Many South African Higher education institutions are facing increasing numbers of requests for Joint degree offerings of academic programmes. In terms of the South African context, the issue of Joint degrees is not entirely new because of institutional practice but what has changed is that when the Department of Higher Education and Training published the first draft national internalization policy and in that policy they tackled a vast amount of time on the issue pertaining to collaborative, joint, dual degrees.
The conversation on joint degrees is ongoing and was also the theme of the one-day workshop held by the Durban University of Technology’s (DUT’s) Directorate of International Education and Partnerships, at the Riverside Hotel, Durban North, on 10 February 2019.
The workshop was facilitated by Dr Samia Chasi, the current Strategic Advisor to the International Education Association of South Africa (IEASA).
She reviewed the academic terminologies, history and relevance of joint degrees in relation to the South African context and the DUT context, also exploring more into the systems and processes required for the introduction of Joint Degrees.
According to the draft national internalization policy, a joint degree refers to a degree awarded by joint decision of the partner institutions at the successful completion of a jointly offered single study programme by two (or more) higher education institutions. If the partner(s) cannot come to a joint decision to award the joint degree, none of the partners may then proceed to award the degree outside the agreement as a single institution degree.
Dr Chasi focused on key areas pertaining to the institutional context, academic requirements, legal issues, quality assurance and accreditation, funding, the student journey and the challenges of introducing joint degrees at DUT.
She opened the floor to discussions to the DUT academic attendees, adding that the workshop may not be able to find all the answers, but the ideas was to look at asking the right questions in terms of forming a forum and taking it forward. Dr Chasi emphasised that there needed to be vital consideration for the academic and administrative requirements literally, from applications through to registrations and right up to graduation.
“It’s a consultative discussion as an idea gets planted because it takes time to get started. It is a new adventure you have to think about carefully, also from both for a student and supervisor perspective,” she stressed.
She also added that there needs to be ongoing operative mechanisms in place at universities, lots of engagements, clear guidelines and there should be a lot more preparedness for the introduction of Joint degrees.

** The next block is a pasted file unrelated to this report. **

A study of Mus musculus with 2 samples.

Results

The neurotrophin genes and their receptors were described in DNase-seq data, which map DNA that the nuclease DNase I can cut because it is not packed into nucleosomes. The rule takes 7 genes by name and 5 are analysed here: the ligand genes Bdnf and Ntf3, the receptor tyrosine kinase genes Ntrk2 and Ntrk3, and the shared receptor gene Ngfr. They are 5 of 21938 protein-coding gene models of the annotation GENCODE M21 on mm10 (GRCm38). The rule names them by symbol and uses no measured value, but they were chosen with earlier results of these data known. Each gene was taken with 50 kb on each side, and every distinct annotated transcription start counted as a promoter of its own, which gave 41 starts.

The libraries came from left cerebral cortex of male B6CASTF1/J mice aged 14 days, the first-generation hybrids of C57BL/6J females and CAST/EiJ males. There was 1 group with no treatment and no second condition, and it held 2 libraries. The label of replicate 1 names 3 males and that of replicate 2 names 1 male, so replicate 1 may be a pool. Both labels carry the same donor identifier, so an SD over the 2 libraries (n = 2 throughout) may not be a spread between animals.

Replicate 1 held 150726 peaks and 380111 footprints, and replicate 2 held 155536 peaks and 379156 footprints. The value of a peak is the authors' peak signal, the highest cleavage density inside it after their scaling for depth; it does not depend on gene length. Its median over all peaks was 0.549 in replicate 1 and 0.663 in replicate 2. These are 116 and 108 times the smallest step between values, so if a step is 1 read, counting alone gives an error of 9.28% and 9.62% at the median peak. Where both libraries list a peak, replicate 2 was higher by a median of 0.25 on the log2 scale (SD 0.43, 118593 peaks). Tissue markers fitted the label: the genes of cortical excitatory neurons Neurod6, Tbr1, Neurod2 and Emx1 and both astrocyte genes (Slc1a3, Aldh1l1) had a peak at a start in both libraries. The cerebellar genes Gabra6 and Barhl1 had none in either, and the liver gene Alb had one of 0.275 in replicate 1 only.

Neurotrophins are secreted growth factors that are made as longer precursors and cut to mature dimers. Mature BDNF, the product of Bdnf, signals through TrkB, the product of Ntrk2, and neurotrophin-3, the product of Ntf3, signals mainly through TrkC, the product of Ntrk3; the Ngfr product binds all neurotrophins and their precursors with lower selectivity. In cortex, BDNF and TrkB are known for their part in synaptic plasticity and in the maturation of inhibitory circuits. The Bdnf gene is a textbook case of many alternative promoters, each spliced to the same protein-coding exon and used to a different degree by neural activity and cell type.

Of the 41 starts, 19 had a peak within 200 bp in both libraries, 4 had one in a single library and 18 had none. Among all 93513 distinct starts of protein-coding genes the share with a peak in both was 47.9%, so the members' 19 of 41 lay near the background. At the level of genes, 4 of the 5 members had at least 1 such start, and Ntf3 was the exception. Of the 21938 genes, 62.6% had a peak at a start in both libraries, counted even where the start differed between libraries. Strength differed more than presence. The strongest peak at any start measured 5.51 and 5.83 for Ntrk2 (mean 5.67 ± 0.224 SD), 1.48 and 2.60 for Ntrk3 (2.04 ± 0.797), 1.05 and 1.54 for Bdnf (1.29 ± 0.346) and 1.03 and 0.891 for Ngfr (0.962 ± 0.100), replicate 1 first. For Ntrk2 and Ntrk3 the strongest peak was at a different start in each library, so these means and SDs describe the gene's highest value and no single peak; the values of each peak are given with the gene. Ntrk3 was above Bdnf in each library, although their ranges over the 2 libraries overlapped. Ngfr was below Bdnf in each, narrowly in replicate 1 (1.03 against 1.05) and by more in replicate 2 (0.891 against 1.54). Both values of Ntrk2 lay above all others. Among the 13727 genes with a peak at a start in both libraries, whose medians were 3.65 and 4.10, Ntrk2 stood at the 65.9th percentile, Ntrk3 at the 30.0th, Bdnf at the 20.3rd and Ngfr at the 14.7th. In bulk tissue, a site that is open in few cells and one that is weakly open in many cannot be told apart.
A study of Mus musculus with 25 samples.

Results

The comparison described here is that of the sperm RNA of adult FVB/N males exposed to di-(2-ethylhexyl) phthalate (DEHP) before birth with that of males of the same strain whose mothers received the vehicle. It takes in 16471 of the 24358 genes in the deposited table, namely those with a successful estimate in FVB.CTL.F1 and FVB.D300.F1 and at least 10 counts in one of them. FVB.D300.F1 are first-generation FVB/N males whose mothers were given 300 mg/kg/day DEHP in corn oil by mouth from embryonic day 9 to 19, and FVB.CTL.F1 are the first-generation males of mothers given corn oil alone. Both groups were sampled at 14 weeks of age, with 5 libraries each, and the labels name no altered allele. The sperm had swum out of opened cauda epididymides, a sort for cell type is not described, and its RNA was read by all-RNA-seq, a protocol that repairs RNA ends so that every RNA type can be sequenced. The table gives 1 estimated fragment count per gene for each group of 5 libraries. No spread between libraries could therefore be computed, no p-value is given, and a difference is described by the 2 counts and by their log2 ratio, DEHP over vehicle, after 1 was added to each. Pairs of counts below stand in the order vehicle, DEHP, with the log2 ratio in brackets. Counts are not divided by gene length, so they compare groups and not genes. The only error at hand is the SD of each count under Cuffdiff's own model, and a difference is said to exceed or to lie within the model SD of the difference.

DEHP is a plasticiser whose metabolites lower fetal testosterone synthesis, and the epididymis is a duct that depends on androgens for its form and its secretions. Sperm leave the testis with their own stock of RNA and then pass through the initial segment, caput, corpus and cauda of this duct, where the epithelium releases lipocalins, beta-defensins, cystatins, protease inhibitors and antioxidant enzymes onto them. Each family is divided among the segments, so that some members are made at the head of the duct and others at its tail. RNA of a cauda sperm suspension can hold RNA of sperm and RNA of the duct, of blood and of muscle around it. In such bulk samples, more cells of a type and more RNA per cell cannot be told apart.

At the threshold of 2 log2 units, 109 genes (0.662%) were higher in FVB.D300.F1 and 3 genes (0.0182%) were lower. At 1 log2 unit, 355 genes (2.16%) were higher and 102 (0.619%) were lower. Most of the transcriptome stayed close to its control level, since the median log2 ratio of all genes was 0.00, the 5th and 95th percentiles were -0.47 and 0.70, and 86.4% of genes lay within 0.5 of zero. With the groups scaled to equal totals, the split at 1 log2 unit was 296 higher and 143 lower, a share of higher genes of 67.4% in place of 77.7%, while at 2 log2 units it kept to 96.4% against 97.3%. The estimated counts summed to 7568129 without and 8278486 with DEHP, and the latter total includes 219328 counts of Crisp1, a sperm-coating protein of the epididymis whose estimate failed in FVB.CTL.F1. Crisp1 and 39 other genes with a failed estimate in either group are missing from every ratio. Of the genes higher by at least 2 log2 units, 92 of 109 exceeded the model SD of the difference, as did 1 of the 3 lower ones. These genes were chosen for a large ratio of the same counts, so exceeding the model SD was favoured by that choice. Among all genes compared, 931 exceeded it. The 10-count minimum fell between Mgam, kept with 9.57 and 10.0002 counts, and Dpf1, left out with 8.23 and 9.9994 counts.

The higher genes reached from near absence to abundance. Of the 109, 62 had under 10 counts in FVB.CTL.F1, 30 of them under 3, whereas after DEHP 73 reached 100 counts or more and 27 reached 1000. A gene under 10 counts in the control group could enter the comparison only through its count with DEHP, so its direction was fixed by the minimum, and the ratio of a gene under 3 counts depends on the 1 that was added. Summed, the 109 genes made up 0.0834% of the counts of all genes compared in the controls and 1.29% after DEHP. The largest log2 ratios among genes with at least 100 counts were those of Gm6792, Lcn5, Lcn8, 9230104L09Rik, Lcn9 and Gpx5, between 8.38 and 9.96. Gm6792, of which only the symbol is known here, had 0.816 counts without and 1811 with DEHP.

DUT’s Dr Lavern Samuels, DUT IEP Director, also highlighted that a major challenge was academic dissidence in terms of supervisors. “It is best to know what to expect from each partner, especially with existing University partners in decision-making and to also know what to anticipate from each other from the start of the academic, joint degree journey,” he said.
Wrapping up the workshop, Dr Chasi thanked Dr Lavern Samuels for inviting her to facilitate the joint degree workshop and his team, specifically Dr Shan Reid, for organising it seamlessly. She also thanked the active participation of all attendees, and added that everyone had a very engaging and rich discussions, informed by perspectives from a variety of administrative and academic units.
“The workshop aimed at informing about relevant policy as well as practice at South African universities and at raising awareness of the complexities involved in developing joint degree programmes, recognising that such an endeavour truly needs to an institutional effort. It also provided attendees with an opportunity to establish links with like-minded colleagues from across the institution. I trust that the Office of International Education and Partnerships will take the conversation forward and coordinate, in close collaboration with the Registrar’s Office, the next steps in moving the University towards an institutional consensus on joint degree policy and practice at DUT,” she said.
Dr Samia Chasi is a practitioner-scholar in HE internationalisation, with 20 years of experience in this field through positions in international offices of German and South African universities, an agency of the European Commission as well as representations of the German Academic Exchange Service (DAAD), Nuffic and the British Council in South Africa. While higher education partnerships have been the main focus of her work, she also has gained valuable insights and experience in vocational and entrepreneurship education through initiatives driven in partnership with education institutions, government departments and the private sector.